Article Last Updated: 12/15/2005 07:09 AM
Lawyer gets ultimatum on disputed sign
Marin Independent Journal
Tempers hit the boiling point this week as the San Anselmo Town Council
gave lawyer Ford Greene until Dec. 27 to bring his controversial "freedom"
sign into compliance with town code - or face court action.
Greene, who failed to win a seat on the
Town Council Nov. 8, said he is putting off vacation plans to deal with
"I'm not going to Mexico, I'm going to war!" Greene exclaimed
outside the Town Council chambers Tuesday.
The sign discussion heated up as the exchange of commentary became emotional.
At one point, Councilman Peter Breen said, "Let's stop all this insanity."
Greene said he had worked with town officials to reach a compromise and
was frustrated with the inability to carve out an agreement.
"I asked you what you wanted," Greene said. "I offered
to dismiss my federal lawsuit. It was you people who violated my rights.
I've tried to cooperate but I haven't gotten squat backÉ ."
On Wednesday, Greene said: "In their arrogance, blindness and vindictiveness,
not to mention stupidity, they've rejected itÉ . They want to make
me a scapegoat. É Let's go down to the mat and see whether one of
us walks away standing.
"I've had it."
Greene, Town Administrator Debbie Stutsman and attorney Hadden Roth met
three times in the past several weeks to reach a settlement about Greene's
sign on the western side of his Hub law offices at 711 Sir Francis Drake
Greene offered to reduce the size of his sign from about 72 square feet
to the size allowed by ordinance - 56 square feet - and indemnify the town
from any damages if the sign were to fall. He wanted to avoid paying permit
fees and asked for immediate administrative processing and reimbursement
of the $840 it cost him to file a previous variance application.
In a Nov. 23 letter, Stutsman said the town was in agreement in some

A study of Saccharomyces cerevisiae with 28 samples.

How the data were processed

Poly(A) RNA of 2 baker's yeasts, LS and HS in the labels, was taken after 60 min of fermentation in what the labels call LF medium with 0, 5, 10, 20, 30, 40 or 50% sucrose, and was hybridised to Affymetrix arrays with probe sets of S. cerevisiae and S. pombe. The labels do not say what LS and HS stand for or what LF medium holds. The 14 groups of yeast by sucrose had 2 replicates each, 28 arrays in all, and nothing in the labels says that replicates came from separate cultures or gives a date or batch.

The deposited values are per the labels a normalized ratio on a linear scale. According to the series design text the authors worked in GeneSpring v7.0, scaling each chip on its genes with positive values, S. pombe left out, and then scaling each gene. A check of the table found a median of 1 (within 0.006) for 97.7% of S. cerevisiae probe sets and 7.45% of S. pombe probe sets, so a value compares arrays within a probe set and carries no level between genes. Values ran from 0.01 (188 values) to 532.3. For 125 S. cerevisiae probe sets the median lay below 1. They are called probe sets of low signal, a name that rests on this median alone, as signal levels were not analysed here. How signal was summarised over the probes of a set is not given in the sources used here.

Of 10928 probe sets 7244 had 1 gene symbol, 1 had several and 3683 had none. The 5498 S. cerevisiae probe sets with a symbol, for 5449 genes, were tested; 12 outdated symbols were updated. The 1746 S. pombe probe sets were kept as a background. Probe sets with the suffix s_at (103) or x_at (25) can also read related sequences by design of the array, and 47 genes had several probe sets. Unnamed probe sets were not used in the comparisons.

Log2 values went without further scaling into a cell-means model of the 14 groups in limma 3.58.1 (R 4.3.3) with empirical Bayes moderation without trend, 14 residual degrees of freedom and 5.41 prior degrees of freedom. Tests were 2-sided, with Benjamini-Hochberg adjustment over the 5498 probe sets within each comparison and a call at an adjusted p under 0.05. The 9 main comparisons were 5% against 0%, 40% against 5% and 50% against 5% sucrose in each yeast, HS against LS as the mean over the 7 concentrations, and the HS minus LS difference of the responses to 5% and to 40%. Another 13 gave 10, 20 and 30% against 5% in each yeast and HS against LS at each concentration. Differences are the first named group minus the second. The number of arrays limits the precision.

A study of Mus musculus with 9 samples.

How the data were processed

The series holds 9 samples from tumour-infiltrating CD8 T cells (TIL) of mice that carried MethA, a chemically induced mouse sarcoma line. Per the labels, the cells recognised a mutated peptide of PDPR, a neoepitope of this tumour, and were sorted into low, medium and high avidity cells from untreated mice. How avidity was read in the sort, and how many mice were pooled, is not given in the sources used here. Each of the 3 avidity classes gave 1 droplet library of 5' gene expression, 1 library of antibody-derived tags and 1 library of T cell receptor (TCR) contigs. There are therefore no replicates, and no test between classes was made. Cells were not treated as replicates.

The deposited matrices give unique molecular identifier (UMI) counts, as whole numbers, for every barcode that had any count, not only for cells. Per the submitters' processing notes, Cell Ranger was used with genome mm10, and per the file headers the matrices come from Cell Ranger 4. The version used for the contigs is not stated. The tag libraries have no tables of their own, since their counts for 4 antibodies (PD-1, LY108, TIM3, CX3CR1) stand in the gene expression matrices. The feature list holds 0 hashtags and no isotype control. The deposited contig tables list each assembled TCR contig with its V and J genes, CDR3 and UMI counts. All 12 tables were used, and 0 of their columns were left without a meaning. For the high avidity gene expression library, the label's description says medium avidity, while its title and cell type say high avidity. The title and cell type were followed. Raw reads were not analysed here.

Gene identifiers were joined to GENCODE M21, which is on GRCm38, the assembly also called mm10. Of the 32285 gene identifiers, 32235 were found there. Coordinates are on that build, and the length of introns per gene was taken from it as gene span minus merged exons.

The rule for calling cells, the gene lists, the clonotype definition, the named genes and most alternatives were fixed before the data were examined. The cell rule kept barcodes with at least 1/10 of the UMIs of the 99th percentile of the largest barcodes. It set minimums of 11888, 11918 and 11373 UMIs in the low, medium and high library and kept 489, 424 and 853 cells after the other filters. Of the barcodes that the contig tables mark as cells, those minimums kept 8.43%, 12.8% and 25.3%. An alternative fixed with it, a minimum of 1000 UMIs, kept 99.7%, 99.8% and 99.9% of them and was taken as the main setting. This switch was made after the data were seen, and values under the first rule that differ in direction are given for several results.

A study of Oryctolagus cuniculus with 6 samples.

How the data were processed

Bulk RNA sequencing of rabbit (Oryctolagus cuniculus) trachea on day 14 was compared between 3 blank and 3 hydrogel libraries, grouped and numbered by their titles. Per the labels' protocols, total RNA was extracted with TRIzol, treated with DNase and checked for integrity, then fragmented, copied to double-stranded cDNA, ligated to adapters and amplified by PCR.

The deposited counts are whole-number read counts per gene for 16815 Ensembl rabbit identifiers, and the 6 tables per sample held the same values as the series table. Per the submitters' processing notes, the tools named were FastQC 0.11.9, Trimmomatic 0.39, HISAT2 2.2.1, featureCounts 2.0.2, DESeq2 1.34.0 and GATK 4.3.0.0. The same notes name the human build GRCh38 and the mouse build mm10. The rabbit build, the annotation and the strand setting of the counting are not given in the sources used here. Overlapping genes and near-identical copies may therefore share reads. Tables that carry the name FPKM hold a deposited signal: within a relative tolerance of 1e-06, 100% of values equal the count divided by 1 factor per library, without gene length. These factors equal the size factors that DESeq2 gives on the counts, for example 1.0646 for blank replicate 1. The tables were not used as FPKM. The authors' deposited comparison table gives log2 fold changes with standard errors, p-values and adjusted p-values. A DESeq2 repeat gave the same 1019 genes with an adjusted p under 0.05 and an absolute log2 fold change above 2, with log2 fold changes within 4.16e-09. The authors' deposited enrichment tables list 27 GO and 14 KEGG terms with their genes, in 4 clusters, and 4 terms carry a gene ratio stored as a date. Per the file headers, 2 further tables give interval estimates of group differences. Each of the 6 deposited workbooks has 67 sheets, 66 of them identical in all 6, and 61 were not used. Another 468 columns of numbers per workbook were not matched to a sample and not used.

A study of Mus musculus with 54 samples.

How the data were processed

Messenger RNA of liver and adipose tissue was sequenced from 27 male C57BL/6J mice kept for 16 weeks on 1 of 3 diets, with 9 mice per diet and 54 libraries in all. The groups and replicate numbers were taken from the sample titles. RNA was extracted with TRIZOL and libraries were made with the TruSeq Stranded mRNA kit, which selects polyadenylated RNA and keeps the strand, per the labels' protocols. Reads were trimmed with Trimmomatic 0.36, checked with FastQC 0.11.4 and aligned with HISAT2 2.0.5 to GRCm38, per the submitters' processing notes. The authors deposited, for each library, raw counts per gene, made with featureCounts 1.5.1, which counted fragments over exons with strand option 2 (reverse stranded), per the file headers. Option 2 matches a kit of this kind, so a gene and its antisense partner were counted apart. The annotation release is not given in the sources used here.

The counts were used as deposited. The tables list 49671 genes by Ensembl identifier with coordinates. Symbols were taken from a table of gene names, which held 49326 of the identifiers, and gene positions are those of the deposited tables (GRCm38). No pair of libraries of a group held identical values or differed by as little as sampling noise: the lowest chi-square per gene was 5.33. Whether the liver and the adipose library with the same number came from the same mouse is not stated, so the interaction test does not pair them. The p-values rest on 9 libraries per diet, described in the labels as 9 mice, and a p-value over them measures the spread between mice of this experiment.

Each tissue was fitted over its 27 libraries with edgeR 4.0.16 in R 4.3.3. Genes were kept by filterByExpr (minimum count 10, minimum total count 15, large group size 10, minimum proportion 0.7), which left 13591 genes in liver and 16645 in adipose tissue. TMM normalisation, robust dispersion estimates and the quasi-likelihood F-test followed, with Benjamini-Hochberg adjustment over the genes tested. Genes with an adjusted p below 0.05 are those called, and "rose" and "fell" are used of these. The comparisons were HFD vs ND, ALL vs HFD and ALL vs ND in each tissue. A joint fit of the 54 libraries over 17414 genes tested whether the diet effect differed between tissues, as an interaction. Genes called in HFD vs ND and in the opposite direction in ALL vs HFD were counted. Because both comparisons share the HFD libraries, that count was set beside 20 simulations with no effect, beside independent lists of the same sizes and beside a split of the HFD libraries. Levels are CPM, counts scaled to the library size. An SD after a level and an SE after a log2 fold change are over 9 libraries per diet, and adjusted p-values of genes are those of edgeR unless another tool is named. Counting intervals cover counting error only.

issues but was rejecting Greene's out-of-pocket expenses, which totaled
Besides dropping a lawsuit he filed in San Francisco federal court, the
town asked Greene to waive entitlement to any attorney fees. A deadline
of Dec. 7 was given to Greene. Stutsman said there has been no response.
Councilman Ian Roth said everyone in town must be held accountable to
meet regulations. "Everyone needs to play by the same rules,"
As it is written, the sign ordinance entitles any commercial business
on roads other than four lanes to one square foot of signage for each lineal
foot of street frontage. Greene's building is on four-lane Sir Francis Drake,
which allows him 1.5 square feet for every lineal foot of street frontage.
The primary face of Greene's building is a little more than 37 feet long,
which means his sign should be no more than about 56 square feet. His existing
72-square-foot sign is composed of three panels.
Greene sued the town in 2003, saying his free speech rights were violated
when police pulled down a political banner that supported a friend running
for Fairfax Town Council.
The town eventually passed an ordinance that said residents couldn't
have signs bigger than 6 square feet or use several small signs to make
a single larger sign. A judge ruled the town could limit the size of the
signs, but not the number.
In its earlier creation, Greene assembled 16, 6-square-foot panels in
which he used changing copy to make political statements, sometimes attacking
the Bush administration, but lately town bureaucrats.
In related action, the council approved the selection of 20 residents,
merchants and business owners to join the town's sign committee.